Simple urine test to detect kidney disease
A simple screening test for urine protein could be used to identify individuals at highest risk of rapid kidney function decline, according to a new research.
Washington: A simple screening test for urine protein could be used to identify individuals at highest risk of rapid kidney function decline, according to a new research.
Using this test could lead to potentially earlier and more effective treatments, lowering patients’ risks of developing kidney failure and dying prematurely, scientists said.
These patients would also benefit the most from serial kidney function monitoring and early treatments to prevent kidney failure.
William Clark, MD, University of Western Ontario and London Health Sciences Centre, in London, Canada, and his colleagues followed 2,574 participants in a community-based clinic for an average of seven years.
They found that a positive dipstick urine test was a strong predictor of rapid kidney function decline. Overall, 2.5 percent of participants in the study had a urinary protein concentration at the start of the study.
The test correctly identified whether or not individuals had rapid kidney function decline in 90.8 percent of participants, mislabeled 1.5 percent as having the condition, and missed 7.7 percent who were later identified as having the condition.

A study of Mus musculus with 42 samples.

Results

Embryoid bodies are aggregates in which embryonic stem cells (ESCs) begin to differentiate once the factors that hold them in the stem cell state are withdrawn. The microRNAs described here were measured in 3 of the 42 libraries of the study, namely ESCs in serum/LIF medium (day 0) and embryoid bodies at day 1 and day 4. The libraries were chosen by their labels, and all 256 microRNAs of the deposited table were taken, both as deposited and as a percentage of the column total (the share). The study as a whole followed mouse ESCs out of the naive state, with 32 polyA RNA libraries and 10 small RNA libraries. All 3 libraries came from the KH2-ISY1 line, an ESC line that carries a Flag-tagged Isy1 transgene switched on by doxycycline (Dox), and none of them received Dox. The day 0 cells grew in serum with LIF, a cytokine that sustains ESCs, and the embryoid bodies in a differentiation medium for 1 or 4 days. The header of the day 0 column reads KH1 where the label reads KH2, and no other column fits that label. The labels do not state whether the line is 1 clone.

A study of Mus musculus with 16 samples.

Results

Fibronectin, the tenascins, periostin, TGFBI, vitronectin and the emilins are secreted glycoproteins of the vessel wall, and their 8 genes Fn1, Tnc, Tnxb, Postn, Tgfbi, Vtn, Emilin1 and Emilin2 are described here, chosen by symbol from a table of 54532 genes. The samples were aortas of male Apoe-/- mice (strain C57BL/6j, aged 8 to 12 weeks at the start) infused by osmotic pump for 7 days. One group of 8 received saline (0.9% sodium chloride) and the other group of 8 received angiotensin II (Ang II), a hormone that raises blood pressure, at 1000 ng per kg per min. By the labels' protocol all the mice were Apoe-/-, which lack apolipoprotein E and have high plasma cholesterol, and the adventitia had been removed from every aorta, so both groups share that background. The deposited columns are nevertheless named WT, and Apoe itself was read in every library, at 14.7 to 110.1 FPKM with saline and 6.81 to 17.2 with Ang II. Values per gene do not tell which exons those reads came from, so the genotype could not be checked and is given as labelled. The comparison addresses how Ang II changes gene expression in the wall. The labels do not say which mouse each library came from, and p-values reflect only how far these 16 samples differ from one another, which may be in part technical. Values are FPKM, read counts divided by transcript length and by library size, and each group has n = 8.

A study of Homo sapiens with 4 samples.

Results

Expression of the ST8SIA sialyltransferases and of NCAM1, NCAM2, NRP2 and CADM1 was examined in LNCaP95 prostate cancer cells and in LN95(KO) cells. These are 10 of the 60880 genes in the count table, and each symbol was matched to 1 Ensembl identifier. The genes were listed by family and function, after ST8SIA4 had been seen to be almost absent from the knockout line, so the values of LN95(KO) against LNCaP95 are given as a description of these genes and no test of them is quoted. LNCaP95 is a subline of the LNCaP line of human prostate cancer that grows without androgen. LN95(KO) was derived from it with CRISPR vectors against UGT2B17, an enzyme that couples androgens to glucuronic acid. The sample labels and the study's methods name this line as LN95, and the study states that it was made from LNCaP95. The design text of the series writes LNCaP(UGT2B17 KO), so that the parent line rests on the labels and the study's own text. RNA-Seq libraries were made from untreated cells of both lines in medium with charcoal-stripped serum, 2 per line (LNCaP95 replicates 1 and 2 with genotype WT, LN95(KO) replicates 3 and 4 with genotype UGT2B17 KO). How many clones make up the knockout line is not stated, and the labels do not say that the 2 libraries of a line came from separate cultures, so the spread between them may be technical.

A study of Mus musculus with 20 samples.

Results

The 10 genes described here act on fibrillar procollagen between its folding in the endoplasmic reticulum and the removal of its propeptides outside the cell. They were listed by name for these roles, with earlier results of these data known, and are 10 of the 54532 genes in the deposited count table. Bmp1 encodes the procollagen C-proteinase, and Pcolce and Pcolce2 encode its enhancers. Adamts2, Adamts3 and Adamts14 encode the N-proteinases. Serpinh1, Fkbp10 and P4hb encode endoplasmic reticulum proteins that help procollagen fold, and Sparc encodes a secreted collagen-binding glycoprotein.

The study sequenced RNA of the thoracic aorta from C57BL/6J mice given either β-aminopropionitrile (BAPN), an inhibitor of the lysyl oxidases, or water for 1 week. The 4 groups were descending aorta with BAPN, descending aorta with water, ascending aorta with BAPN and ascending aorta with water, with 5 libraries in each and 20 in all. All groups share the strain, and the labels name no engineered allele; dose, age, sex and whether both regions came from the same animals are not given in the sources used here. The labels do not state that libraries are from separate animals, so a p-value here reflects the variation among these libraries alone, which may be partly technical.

Among those with certain risk factors (cardiovascular disease, age >60 years, diabetes, or hypertension), the probability of identifying rapid kidney function decline from serial kidney function measurements increased from 13 percent to 44 percent after incorporating a positive dipstick test.
“We showed that routine inexpensive urine dipstick screening in a population with and without risk factors will allow primary clinicians to follow fewer patients with serial monitoring to identify those with rapid kidney function decline that will potentially benefit from earlier referral and therapeutic intervention,” said Dr. Clark.
The study will be published in the Journal of the American Society Nephrology.